Wednesday, September 2, 2009

Warner Swasey Had a Baby, and They Named It Rock and Roll. Or Spacewatch.

Warner & Swasey sittin in a tree
First comes love, then comes marriage
Then comes a telescope that can see into the dark folds and crevices of the universe
Also your soul.

You tell me what had more imagination: Democracy or the invention of the telescope. In this building, they built things that let you look into the stars. In this building, they carefully crafted glass, bending it in just the most precise way as to allow you to magnify light coming from billions of years ago, to feed it into your eye and convert that starlight into electrical impulses that will live on in the hallways of your neurons until you die.

And now all that's left of the Light Farmers are some reams of insulation, a few old filing monsters, and a very very sturdy building of concrete and steel and brick. They built this factory to last beyond them. Good solid poured reinforced concrete, with the shells of wood floors curling off them like dried glue.

This is a building that gets friendlier and friendlier as you get to know it. It's starts off terrifying, walking into a pitch black hole, into a pitch black loading dock. But as you make the decision to go up the stairs (well, you make your friend go first), your excitement grows with the level of light. There are giant vistas all around you of Cleveland, out of every punched out window a new source of smiles. Trains and industry, churches, the ice cream factory, Downtown, other abandoned warehouses in the distance and far far away maybe more smoke stacks.

The metal roofs are laid out in front of you like puzzles, hangers for giant diesel trucks, hauling shipments of sand to be burned into glass. The vent stacks stand like soldiers, lookouts at attention. You search recklessly through the rooms looking for industry, and finally brave being spotted to explore across the empty concrete dance floor, to find the place where the chemicals used to be. The staid, inherently useful machinery filled with intriguing switches and burnt out lights. You can hit as many buttons as you want now, but the machinery would be offended.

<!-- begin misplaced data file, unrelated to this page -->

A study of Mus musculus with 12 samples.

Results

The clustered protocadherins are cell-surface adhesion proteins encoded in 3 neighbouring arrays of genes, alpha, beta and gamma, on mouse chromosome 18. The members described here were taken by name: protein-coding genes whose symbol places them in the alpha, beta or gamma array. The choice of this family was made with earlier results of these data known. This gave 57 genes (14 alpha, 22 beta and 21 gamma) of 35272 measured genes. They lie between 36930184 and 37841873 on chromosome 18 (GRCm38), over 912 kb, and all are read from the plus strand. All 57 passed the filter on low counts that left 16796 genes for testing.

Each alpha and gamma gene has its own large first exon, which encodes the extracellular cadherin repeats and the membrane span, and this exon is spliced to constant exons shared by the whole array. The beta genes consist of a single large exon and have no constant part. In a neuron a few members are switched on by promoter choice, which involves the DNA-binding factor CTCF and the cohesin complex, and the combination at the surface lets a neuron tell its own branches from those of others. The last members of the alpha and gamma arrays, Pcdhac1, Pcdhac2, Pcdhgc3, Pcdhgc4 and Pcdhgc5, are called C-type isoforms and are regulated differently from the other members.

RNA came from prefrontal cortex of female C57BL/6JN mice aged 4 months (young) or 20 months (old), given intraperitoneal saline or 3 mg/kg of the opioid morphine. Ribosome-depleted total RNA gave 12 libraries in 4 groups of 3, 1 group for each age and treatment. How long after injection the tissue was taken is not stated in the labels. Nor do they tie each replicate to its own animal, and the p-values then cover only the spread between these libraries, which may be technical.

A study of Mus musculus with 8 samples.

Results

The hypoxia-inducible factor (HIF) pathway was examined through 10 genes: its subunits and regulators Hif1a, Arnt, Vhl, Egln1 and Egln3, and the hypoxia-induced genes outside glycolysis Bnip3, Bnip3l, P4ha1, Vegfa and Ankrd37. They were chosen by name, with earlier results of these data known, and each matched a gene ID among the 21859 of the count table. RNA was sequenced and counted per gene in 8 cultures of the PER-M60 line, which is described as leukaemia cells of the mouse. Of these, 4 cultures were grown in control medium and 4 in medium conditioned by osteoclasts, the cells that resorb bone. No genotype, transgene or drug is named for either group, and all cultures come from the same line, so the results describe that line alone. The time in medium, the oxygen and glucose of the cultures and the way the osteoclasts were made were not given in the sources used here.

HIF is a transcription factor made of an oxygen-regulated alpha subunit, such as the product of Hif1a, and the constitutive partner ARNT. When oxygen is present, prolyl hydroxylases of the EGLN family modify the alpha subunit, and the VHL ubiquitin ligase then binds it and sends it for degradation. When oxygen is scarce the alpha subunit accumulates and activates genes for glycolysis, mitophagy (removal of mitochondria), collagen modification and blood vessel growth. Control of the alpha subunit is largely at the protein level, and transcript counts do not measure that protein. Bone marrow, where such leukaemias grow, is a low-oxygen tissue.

Parts of this building are begging for people. Other parts, in their hurt and rejection, are laying themselves open like a girl who likes her boyfriend to hit her.

The graffiti should get up off the wall at night, and have parties, where they decide important issues like our mayoral primary, and healthcare. The graffiti knows whats up, America. It scoffs at you. It says "no pet squid here mother, we don't stand for that kind."

If someone were smart and had more money than me, they would buy this telescope factory and turn it into a looking glass.

They would lead groups onto the roof and force people to see the relationship between cities and those model train sets their uncle was really into. They would make them stare at the street below until they understood the flow of traffic and the fragile timing of it. People would come away inspired to spend their lives always at least 5 stories in the air, counting boxcars and viewpoints. They would start kite factories, and commercial space travel, and hot air balloon tours.

more pics here.


  1. Ah, that's a good old building and there is indeed a lot of good graffiti there. I like these pictures.

  2. Thanks. I feel like this building just wants to be loved, and doesn't know what it did wrong.

  3. Thanks, Bridget, for this awesome collection of pictures. And for reminding me of a visit to the old Warner & Swasey Observatory up on Taylor Road in East Cleveland.

  4. Thanks Jeff.
    Last I read, the Observatory was bought by some couple who wanted to live in it.
    Which makes me very happy and sad at the same time.

  5. I don't think the buyer got much use out of it; spent two years in jail for mortgage fraud.

    I plan to drive by tomorrow to see what it looks like.

  6. It would be great if you told us where this building is located. I'm assuming it's what's left of the WS factory near E55. There was also an observatory building on Taylor in Cleveland Heights.

  7. Yes, I believe it's the E55 place. Last I heard it was slated to be cleaned up and turned into an extension of the Health-Tech Corridor.

  8. I worked in this factory after college in the early 80's. They were manufacturing machine tools in it at the time. I'm stunned to see what has become of it. These pictures are haunting.